Granada, Nicaragua: Strong history and traditions
The Nicaraguan city of Granada was in a fervour of activity leading up to Semana Santa or Holy Week.
Processions, precursors to the main event wended their way through town with floats crammed with children in costume, little girls in bright satins, boys in more sombre garb with Middle Eastern-style headdresses (occasionally topped with a baseball cap to ward off the sun that had pushed the temperature up to over 35 degrees Celsius).
Inside the cathedral and churches, altars were shrouded with Lenten purple and the statues that would be carried through town on Good Friday were being readied on their biers.
The sound of these Easter-time processions was the background to exploration of Granada's cobblestone streets and historic houses – their walls painted in bright, sometimes garish colours, a counterpoint to the strength of the tropical sun.
Granada is one of the oldest, if not the oldest city in Central America. It was founded by Spaniard, Francisco Hernandez de Cordoba in 1524. Situated on the shores of Lake Nicaragua and connected to the Caribbean (and thus Europe) by the San Juan River, tonnes of gold, silver and other treasures plundered by the Spanish conquistadors as they passed through Granada.
This wealth attracted the attentions of others too, with Granada pillaged by British, French and Dutch pirates. But, if stories of pirate attacks weren't enough to enrich Granada's history, the town also has connections to an American adventurer who once schemed to rule vast swathes of Latin America.
William Walker, a physician, lawyer and journalist, dreamed off setting up kingdoms ruled by English-speaking white Europeans, at times even calling on the support of the conservative white slave owners of America's southern states.
He did succeed in declaring himself president of Nicaragua in1856 and for a time lived in Granada but by 1860, after attempting to take over Guatemala, he was instead arrested and shot. He was only 36.
Since the 1880s, horse-drawn carriage tours of Granada have been a popular way of exploring Granada and it was from a carriage that we viewed Walker's house and later stopped at a 19th-century railway station (now a vocational training school), one of the few reminders of Nicaragua's railway era (the last rail line was closed in 2001).
Across the plaza from the station is a historic house, painted a particularly lurid shade of pink. Our local guide explained that Rosario Murillo, the wife of the current president Daniel Ortega, has a particular love of bright colours, pink especially. I guess when you're married to a man who is now into his fourth term as president (Ortega led the Left-wing Sandinistas in their struggle against the rule of the Somoza dictatorship) you can do pretty much what you like…
Granada is regarded as probably Nicaragua's top destination for travellers but in the nearby town of Leon it has a serious rival. Nothing new in that, however, the two towns have been competing for ascendancy for nearly 500 years.
Leon was founded by Cordoba in the same year he established Granada but over the centuries both towns developed very different political leanings. Leon was a stronghold of liberal politics, Granada of conservatives. The decision as to which city would become Nicaragua's capital after it gained independence from Spain in 1821 and then subsequently became an independent republic looked to be an impossible one. So, a compromise was found – neither of them was chosen, instead the new city of Managua was built in between the two.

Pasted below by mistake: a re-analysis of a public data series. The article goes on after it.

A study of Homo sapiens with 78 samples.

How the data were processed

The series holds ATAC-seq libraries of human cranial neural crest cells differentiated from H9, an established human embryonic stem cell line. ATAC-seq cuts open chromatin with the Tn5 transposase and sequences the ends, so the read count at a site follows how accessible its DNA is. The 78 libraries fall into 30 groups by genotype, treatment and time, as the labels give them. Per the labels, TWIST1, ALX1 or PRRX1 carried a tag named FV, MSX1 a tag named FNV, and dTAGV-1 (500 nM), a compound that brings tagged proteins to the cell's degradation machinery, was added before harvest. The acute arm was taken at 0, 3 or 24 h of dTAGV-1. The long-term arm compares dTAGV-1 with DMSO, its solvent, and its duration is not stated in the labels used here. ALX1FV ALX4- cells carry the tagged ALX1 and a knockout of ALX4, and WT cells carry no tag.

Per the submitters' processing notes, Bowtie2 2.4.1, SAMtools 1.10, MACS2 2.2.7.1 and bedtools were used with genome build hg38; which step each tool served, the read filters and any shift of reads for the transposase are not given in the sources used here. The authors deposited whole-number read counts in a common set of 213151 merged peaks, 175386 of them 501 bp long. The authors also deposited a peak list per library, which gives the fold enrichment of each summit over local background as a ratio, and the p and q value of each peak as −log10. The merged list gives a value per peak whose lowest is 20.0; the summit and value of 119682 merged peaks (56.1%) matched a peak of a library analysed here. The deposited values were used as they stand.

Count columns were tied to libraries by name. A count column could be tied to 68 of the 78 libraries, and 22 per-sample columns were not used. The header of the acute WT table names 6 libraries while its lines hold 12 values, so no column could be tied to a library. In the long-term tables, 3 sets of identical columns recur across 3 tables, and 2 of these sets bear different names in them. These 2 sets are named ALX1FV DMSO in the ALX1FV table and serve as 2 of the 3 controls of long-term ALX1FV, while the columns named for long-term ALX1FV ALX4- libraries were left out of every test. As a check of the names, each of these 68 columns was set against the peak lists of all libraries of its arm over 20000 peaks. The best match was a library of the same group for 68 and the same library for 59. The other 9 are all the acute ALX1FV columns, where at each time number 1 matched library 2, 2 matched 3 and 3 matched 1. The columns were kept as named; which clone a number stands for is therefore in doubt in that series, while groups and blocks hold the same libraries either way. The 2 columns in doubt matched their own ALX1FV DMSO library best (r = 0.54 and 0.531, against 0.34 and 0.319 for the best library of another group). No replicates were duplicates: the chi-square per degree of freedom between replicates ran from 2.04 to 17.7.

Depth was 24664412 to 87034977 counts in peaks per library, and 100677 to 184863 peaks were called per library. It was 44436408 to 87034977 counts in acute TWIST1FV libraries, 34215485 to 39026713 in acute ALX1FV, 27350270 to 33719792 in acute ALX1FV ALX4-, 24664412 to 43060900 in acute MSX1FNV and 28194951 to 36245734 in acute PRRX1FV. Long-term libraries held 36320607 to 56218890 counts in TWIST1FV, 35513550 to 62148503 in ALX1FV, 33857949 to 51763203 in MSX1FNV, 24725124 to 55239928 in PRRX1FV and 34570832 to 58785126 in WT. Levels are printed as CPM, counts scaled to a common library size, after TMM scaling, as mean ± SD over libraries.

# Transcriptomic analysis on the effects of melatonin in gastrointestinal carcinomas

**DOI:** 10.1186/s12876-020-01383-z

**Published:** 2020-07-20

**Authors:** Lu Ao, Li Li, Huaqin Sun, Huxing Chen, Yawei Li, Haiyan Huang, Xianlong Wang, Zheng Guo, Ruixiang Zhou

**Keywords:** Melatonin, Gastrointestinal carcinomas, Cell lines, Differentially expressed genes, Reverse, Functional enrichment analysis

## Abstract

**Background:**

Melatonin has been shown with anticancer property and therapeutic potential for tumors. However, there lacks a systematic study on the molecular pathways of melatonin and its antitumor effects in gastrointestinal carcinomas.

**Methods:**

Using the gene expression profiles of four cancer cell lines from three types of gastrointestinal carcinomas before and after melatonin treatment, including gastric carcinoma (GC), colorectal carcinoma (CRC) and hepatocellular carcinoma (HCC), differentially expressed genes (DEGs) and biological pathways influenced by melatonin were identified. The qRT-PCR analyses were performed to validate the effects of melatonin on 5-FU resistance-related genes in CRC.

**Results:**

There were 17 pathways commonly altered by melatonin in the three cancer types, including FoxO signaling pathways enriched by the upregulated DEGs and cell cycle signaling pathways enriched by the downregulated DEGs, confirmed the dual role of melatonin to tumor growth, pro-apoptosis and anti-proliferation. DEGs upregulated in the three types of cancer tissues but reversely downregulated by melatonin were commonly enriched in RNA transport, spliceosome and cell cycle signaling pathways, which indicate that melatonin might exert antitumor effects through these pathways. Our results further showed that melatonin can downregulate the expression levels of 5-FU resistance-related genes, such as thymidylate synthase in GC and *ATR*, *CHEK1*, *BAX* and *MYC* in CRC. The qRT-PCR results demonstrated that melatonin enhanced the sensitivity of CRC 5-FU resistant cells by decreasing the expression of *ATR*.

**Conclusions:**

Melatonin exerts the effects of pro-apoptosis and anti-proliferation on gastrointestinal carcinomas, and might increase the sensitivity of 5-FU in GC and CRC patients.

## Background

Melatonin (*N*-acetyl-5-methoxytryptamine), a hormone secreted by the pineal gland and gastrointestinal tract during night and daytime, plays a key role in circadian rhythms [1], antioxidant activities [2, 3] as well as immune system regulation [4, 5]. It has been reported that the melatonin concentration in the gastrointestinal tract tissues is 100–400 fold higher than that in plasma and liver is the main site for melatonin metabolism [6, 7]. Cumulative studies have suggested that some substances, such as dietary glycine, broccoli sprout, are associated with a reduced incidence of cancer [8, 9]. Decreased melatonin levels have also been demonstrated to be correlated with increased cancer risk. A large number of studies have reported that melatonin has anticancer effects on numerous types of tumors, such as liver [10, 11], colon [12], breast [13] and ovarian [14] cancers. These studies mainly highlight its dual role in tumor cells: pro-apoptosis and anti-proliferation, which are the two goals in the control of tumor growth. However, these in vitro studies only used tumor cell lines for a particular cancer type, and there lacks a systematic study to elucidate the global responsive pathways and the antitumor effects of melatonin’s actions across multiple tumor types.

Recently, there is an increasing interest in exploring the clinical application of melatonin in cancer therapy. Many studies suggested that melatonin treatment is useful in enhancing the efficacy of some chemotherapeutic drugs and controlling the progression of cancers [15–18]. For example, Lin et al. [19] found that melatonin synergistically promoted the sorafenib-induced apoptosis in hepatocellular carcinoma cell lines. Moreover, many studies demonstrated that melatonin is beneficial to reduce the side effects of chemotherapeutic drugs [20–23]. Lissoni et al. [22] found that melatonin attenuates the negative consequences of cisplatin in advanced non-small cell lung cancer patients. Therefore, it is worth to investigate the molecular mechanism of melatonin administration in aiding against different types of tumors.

Granada has in recent years attracted more attention from travellers but Leon, especially now that more renovations are underway on its Spanish colonial houses and churches, is on the rise.
Leon was also preparing for Easter when we arrived, but the central plaza in front of Central America's largest cathedral, St Mary of Leon, is always the town's beating heart, no matter what time of year. Students and tourists vie for bench space and hawkers seek out buyers of Nicaraguan cigars and rum.
We stayed at El Convento, a hotel built on the site of the San Francisco convent, the first such religious institution to be founded in Leon. The original building dated back to 1639 but financial crisis, wars and earthquakes over the centuries took their toll. The hotel is relatively new, but was built to reflect its religious heritage with cloisters surrounding a central courtyard garden and public areas filled with antiques from wealthier times.
Just outside Leon is the Isla Juan Nature Reserve, a sandy barrier island that separates mangrove wetlands from the Pacific Ocean. We puttered up the waterways in a motorboat, spotting birds and sleeping iguanas before alighting on the island and taking a path to the sea.
Here there is a small sanctuary dedicated to caring for the four species of sea turtle that return to the beach every year to nest, making this one of the most important nesting sites on the Pacific coast. Olive Ridley, hawksbill, leatherback and green sea turtles all lay eggs here and although we were out of the nesting season there were still a few tiny leatherback turtles for us to see.
I was handed one of the baby turtles, which barely covered the palm of my latex-gloved hand. Only about one in 500 of these babies will make it to adulthood … the desperate dash from nest in the sand to the sea alone accounts for thousands of turtles each season.
Then it was back to Leon for dinner, where ceviche (raw fish salad) and some of the best beef I've ever eaten was on the menu, with the grand finale being Tres Leches, a cake (not a solely Nicaraguan treat but very good here) soaked in three kinds of milk – fresh, condensed and topped with cream. It was just as well I wasn't on a Lenten fast.